The president of the United States can, and should, close the Guantánamo detention facility. There are two main steps necessary to closure, both of which are within the president’s authority and control: Swiftly transferring the men who have not been or will not be charged with a crime, and ending the failed military commissions.
Laws imposed by Congress that place certain restrictions on transferring men out of Guantánamo do not prevent the President from taking either of these steps.
Transferring men at Guantánamo requires negotiating an agreement with another country to repatriate or resettle them. To facilitate those agreements, the United States should not demand draconian security measures that some countries cannot, or will not, agree to impose. Rather the U.S. government should agree to:
Transferred men must not be sent to a country where there are substantial grounds for believing they would be in danger of being subjected to torture or cruel, inhuman or degrading treatment or punishment, including continued indefinite detention without charge or trial, or otherwise be forcibly transferred. Nor should men be subject to transfer conditions that violate their human rights.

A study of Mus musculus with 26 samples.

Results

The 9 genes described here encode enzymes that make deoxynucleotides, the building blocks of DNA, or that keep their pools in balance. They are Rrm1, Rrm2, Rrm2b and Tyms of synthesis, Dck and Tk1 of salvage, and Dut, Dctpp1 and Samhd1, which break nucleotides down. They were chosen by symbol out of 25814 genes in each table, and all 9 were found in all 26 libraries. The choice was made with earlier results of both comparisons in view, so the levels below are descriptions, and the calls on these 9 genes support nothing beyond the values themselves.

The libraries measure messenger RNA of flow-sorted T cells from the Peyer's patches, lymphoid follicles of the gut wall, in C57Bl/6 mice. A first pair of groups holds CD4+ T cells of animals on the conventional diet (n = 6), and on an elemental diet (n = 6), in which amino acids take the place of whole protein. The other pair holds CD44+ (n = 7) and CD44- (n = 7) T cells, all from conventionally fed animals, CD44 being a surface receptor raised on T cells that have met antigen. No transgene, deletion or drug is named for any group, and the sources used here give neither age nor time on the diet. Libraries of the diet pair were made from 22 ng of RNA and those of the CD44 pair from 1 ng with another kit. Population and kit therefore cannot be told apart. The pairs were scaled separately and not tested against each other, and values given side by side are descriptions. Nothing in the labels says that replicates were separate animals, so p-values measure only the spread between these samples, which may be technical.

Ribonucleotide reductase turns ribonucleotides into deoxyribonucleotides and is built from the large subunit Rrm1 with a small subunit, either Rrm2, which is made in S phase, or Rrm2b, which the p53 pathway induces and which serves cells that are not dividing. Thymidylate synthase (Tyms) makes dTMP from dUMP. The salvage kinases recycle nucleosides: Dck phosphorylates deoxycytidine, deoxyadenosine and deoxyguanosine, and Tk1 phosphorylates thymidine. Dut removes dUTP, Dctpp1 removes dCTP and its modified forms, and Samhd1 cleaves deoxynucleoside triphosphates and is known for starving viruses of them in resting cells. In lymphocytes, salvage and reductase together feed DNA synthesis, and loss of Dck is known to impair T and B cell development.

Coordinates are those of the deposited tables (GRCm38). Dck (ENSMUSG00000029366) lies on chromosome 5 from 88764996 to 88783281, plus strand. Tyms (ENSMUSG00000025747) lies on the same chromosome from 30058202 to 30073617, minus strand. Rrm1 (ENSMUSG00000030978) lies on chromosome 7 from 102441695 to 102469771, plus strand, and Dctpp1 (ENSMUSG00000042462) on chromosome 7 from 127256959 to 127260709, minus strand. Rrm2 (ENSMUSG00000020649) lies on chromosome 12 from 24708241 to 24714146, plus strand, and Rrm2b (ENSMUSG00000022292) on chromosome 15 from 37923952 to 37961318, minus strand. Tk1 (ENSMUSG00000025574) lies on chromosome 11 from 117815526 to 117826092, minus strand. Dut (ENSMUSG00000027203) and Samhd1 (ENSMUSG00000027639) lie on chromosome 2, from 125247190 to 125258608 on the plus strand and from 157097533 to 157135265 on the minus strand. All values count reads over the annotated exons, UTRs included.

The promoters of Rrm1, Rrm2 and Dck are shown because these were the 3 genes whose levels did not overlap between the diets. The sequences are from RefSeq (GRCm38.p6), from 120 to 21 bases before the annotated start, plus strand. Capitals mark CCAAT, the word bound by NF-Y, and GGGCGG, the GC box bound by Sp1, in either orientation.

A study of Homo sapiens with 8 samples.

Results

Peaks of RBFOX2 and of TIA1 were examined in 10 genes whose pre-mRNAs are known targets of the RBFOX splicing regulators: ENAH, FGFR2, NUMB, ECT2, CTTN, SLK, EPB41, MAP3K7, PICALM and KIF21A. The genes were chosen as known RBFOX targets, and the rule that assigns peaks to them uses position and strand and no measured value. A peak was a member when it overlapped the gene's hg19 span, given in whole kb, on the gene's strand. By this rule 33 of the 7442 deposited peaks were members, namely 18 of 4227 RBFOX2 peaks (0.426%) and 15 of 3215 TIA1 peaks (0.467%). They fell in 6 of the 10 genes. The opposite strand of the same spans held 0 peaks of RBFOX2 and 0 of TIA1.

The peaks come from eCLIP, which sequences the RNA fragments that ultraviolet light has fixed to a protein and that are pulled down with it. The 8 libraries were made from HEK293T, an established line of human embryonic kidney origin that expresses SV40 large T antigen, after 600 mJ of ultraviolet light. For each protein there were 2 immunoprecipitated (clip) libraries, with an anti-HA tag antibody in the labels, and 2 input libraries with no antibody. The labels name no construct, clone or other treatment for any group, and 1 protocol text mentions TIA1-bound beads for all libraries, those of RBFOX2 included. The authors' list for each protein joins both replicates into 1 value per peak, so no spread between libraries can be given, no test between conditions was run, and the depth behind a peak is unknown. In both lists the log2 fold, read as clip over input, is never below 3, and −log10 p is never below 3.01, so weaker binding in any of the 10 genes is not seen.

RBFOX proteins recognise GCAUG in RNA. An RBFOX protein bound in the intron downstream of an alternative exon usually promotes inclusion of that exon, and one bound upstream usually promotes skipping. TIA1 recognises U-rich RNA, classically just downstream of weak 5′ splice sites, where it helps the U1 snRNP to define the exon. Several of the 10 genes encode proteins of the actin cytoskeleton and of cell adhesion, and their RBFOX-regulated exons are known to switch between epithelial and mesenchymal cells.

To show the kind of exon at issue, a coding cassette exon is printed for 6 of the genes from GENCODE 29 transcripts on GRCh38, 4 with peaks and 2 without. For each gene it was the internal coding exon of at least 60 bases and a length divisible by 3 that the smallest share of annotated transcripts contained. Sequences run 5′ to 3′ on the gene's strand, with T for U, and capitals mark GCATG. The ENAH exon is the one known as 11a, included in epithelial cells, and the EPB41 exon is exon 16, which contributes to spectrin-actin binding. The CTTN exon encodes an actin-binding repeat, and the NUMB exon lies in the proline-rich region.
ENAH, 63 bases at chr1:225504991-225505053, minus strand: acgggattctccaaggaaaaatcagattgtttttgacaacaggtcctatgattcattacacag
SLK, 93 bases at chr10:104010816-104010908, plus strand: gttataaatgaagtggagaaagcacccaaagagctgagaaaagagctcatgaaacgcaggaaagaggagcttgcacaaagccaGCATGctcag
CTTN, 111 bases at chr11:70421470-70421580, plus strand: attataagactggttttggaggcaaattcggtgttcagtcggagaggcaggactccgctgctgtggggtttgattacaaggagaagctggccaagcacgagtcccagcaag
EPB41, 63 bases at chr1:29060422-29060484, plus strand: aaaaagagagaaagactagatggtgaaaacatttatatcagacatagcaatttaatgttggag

After nearly 20 years of operation, the commissions have produced injustice after injustice. The case against the men alleged to be most responsible for the September 11, 2001 attacks has not even gone to trial. In fact, according to the military commissions chief defense counsel, the case is further from trial today than it was when he assumed his post in 2015.
At this point, the only way to salvage a modicum of justice is to pursue plea agreements with the defendants. Fair trials in the military commissions are not possible, and trials in U.S. federal court are prohibited by laws banning transferring the men to the United States. Moreover, the plea negotiation process offers the best chance at both serving victim family members’ needs, and imposing a degree of accountability for the defendants’ torture.
Plea negotiations should be governed by the following principles:
For any detainee for whom there is not sufficient evidence, untainted by torture, to continue to prosecute, the administration should withdraw any charges and apply the steps outlined above for detainees who have not been charged with a crime.